I completely agree that there are some not so interesting alienans terms such as 'decoy', 'artificial', 'faux', 'false'.

X is a false, etc, G
X looks like/behaves like a G but isn't a G
'Decoy' and 'artificial' add extra meaning: for purposes of deception and man-made.

'Former', 'ex', 'quondam', 'one-time' also have a common structure

X is a former, etc, G
X was a G but isn't now
The more interesting alienating terms I have in mind include 'past', 'putative', 'apparent', 'intentional', and above all 'possible'. These are the cases where I claim that the qualifying term widens the unqualified term.
Caesar was a Roman
Caesar is a past Roman
Arguably, the past Romans, if there be any, are Romans, so the extension of 'past Roman' appears to be a superset of the extension of 'Roman'.
It's thought that JR murdered Whitechapel prostitutes
JR is the putative murderer of Whitechapel prostitutes
Most murderers are known to be murderers. Some murderers may have escaped suspicion altogether. But generally those thought to be murderers form a superset of the murderers.
It appeared that Jones had a heart attack
Jones had an apparent heart attack
Again, most heart attacks presumably look like heart attacks, so we could say that the merely apparent heart attacks extend the heart attacks.

In the previous post you say
The point is rather that when I read the play there appears before my mind a merely intentional object, one that I know is fictional, and therefore, one that I know is merely intentional. (my italics)
'one' here is anaphoric on 'object', I think, which suggests that the merely intentional objects extend the objects.
Possibly, Murray will win Wimbledon again
Murray is a possible second-time Wimbledon winner
It's generally accepted that the possible includes the actual, so 'possible' is extension-widening.

The idea is that in these examples, the first sentence contains a quoted sentence which undergoes a transformation to arrive at the second sentence of the example. The form of the second sentence appears to refer to a hard-to-comprehend object. Hamlet can be seen to fit this pattern:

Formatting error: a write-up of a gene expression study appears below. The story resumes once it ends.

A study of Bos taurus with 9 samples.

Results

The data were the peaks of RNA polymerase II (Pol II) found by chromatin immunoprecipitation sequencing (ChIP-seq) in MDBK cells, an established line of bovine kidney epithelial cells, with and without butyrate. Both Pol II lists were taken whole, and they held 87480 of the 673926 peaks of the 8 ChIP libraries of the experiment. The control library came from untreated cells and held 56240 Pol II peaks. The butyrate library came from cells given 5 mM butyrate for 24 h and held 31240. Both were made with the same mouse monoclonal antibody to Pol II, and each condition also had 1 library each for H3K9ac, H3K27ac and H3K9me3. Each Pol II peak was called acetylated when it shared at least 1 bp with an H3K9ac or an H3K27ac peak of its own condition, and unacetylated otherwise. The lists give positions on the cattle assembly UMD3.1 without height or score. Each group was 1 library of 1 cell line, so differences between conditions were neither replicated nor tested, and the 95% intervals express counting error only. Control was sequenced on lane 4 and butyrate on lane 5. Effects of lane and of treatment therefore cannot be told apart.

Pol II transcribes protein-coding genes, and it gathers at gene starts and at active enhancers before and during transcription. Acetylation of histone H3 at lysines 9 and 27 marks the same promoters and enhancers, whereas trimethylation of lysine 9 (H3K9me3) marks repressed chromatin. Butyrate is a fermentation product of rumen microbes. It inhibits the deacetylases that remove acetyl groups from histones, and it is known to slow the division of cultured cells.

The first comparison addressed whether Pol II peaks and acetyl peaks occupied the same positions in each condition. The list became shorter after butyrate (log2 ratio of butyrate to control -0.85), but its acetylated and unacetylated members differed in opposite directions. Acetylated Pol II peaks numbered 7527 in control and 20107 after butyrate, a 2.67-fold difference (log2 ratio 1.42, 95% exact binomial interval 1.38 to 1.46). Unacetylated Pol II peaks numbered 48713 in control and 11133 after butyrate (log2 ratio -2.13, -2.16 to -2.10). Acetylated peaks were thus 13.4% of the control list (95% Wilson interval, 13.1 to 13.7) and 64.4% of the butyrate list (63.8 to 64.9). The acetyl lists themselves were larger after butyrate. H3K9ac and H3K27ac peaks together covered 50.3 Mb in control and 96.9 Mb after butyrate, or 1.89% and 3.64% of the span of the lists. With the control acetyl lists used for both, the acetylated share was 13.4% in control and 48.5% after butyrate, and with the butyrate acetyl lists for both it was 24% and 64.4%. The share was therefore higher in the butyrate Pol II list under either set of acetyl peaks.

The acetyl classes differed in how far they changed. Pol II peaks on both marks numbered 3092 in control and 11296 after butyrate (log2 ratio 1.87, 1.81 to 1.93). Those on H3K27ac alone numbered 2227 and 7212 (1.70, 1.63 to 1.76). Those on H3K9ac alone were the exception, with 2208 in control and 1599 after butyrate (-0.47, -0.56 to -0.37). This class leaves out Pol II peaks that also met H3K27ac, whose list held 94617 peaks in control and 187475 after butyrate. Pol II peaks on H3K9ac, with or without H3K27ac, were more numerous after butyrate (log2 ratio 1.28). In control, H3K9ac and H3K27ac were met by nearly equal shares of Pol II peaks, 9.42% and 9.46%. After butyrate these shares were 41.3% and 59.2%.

In the eponymous play, Hamlet is a Prince of Denmark
Hamlet is a fictional Prince of Denmark
Likewise 'past' if we take 'Caesar was a Roman' to be understood as
Once upon a time, 'Caesar is a Roman', was true.

Thanks for the response, David.

>>Arguably, the past Romans, if there be any, are Romans, so the extension of 'past Roman' appears to be a superset of the extension of 'Roman'.<<

I don't follow you. Surely the set of past Romans is not a superset of the set of present Romans. Nor is it a superset of the set of past, present, and future Romans. What am I missing?

Hi Bill,

The argument I have in mind goes like this. How many Romans are there? According to Wikipedia there are 2,645,907 of them. These people form the extension of the concept Roman. Julius Caesar presumably falls under the concept past Roman and also under the concept Roman. But he wasn't counted in the 2013 census. So the extension of the concept Roman seems to be at least one bigger than we thought. An ordinary concept term like 'female', when conjoined with 'Roman' does not have this strange widening effect on the extension of Roman. This suggests that 'past' does not signify a concept and casts doubt on the comprehensibility of 'past Roman'.

What do you mean by 'Roman'? Do you mean the term to apply to the present residents of the city of Rome, Italy? Presumably that is what you mean if you note that there are some 2.6 million of them. But then J. C. does not fall under the concept *Roman*

I am afraid I don't understand you at all.

I mean 'citizen of Rome'. Perhaps I could put it this way:

1. JC is a past Roman.
2. A past Roman is a Roman (if not, what city is a past Roman a citizen of?)
3. Why, when we count the Romans, do we not count JC? By (1) and (2) he is, after all, a Roman.
Contrast with:
4. Livia Montalbano is a female Roman.
5. A female Roman is a Roman.
6. When we count the Romans we unproblematically count Livia.

Still not clear. By 'citizen of Rome' do you mean 'present citizen of Rome'? If yes, then your question answers itself. If you mean 'past or present citizen of Rome, then we do count JC.

We agree that a past Roman is a Roman. Now the past Romans are a proper subset of the past or present Roman, and the past Romans are disjoint from the present Romans.

There is no way that 'past' can widen the extension of 'Roman.'

Hello Bill,

I plead unable to commit myself to either of the alternatives you offer me. My position is that 'present X' and 'past X' are problematic terms just as 'fictional X' is a problematic term, and for analogous reasons. My 1--3 are intended to bring this out. But here is further argument:

a) I don't think I can mean 'present citizen of Rome' because then (1) would become 'JC is a past present citizen of Rome'. Interpreting 'past' and 'present' as ordinary conjunctive terms like 'female' renders this self-contradictory.

b) I don't think I can mean 'past or present citizen of Rome' because then we obviously should count JC when we count the Romans, and the puzzle then becomes why we don't.

c) I don't think I'm equivocating on 'Roman'. Certainly not in 4--6 which are unproblematic.

My contention remains that 'past' is strongly alienating.